Criticker Zealot - 7005 Film Ratings
Member Since: Dec 12, 2006
"Despite the mediocre CGI the monsters do have a certain cuteness to them, and as ridiculous as the narrative is the two leads are sympathetic enough to root for. So there's just enough to charm to keep you going through the down parts between the predictable moments of spectacle. It passes the time."
|72 32%||Malice in Wonderland (1982) - May 12, 2017
"Well, it's something else. Not particularly my cup of tea with all the surreal sexual imagery, but I was quite impressed with how well every moment transitions to the next. It's one of the best examples I've seen of things constantly morphing into other things where every transition feels smooth and seamless (the surrealism of the whole thing helps, of course). Certainly kept my interest for the runtime."
|79 57%||Blonde Crazy (1931) - May 12, 2017
"Fun piece of pre-code silliness with two charming leads. The ending is rather awkward, and a bit tacked on, but otherwise it flows well mixing small time crime and back and forth dialogue. None of it is outstanding, but it's all very good."
|71 29%||The Wave (2015) - May 12, 2017
"A mostly typical disaster movie, with dumb decisions throughout, in its most basic structure, but it's brought up a notch by keeping the stakes at a more reasonable level than the usual world ending cataclysm of such movies and decent performances."
|61 13%||Kung Fu Yoga (2017) - May 12, 2017
"I feel like I've just caught a glimpse of the future of blockbuster cinema. It could be worse, but it's not very good. Most interesting as a meta-reflection of the style filtered through an outsider's eye of the perceived strengths of Hollywood blockbuster filmmaking, Bollywood cinema and Indian culture, and a myopic insider's perspective of a Chinese cultural and economic resurgence. It feels clunky and manufactured, as stilted as the aging Jackie Chan doing his thing, but has some moments."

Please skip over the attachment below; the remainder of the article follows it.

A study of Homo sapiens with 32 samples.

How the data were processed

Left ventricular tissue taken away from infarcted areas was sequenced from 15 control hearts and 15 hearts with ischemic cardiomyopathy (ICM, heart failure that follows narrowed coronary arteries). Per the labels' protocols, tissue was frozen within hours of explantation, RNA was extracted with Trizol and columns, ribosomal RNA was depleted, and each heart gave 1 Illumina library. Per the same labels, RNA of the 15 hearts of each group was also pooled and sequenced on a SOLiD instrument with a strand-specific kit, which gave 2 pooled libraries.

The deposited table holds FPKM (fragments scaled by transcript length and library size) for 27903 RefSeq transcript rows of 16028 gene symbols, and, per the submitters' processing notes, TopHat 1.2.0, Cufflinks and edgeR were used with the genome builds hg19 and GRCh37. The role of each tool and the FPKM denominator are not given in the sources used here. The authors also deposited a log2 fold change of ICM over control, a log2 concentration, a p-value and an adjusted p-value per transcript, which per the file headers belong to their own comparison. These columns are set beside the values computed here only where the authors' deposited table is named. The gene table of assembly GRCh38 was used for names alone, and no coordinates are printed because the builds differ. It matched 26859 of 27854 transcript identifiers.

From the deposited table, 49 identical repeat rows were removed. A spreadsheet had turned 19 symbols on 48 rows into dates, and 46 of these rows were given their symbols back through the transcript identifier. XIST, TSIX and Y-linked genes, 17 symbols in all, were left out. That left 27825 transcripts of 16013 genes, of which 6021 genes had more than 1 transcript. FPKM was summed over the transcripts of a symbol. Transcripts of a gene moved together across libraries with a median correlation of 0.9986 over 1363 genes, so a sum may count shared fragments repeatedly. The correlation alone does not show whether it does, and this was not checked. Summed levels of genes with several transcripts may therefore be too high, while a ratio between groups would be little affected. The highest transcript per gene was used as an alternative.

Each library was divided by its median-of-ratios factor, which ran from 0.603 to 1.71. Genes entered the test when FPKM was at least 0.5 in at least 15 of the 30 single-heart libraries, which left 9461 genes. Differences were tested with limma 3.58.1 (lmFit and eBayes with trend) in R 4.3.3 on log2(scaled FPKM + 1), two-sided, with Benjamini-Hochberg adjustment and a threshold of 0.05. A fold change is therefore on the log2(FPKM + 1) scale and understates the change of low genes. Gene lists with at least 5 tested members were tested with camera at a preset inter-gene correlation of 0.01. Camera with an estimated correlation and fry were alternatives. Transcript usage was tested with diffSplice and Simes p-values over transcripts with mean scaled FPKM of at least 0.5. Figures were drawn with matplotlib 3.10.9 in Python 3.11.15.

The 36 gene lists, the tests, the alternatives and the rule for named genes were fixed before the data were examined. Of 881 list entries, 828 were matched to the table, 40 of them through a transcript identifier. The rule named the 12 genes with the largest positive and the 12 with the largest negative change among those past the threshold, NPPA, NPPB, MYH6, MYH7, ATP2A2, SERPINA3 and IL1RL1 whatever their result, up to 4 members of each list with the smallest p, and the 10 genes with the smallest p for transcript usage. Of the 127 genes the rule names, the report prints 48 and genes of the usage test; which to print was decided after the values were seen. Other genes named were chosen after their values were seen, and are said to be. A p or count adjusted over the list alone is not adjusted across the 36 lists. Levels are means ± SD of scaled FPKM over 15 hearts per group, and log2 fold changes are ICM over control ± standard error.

|85 81%||Kontroll (2003) - May 12, 2017
"Certainly on the surreal side with a number of odd unexplained occurrences and motivations, but on the whole surprisingly grounded and straightforward. A pretty clear allegory for self imposed purgatory that uses its setting to setup a character study. As intriguing as the that is, and there are quite a few funny and enjoyable moments that come from its unique atmosphere, it's the slow methodical unraveling of the lead character's circumstances and emotional state that really make this shine."
|88 90%||The Seventh Continent (1989) - May 12, 2017
"I don't think I've ever noticed the Bresson influence on Haneke before, but it was very apparent here. The content, is not very Bresson like, which makes for an interesting experience seeing the style used for something much more forceful and shocking. I quite enjoyed its methodical deconstruction of social routine, and the characters, even though they are mostly representations, still shone through under the constraints of both social expectations and filmic stylistic demands."
|50 7%||Skallamann (2011) - May 12, 2017
"This is a style of musical I really don't like and while it's not badly done I find the artificiality to completely undermine the content. It's a decent premise and, singing and dancing aside, there's a certain charm to how it's done, although I do think it's kind of weird that when the premise is acceptance the entire thing is about reducing the object of acceptance to a single trait, making them an object rather than a person. It's not bad, just not really for me."
|83 72%||Clouds of Sils Maria (2014) - May 12, 2017
"The heart of the film, an exploration on aging and self perception (particularly in women), is interesting to me and I found the layered nature of the discussions works well for exploring these ideas, and the setting allows for certain interactions that wouldn't be possible otherwise, with good back and forth dialogue and characters that are sympathetic but never emotionally charged so one can focus on the ideas and let the story flow as it will. Binoche stands out, Moretz too, Stewart is fine."
|57 10%||Hypocrites (1915) - May 12, 2017
"I expected it to be blunt, but I did not expect it to be so slight and hollow. Not so much an argument against hypocrisy, or even a screed, so much a series of sketches of pointing, yelling hypocrite, and moving on to do the same in a different sketch. The visuals are quite captivating, at least, and the structure and content could have been interesting with more fleshing out."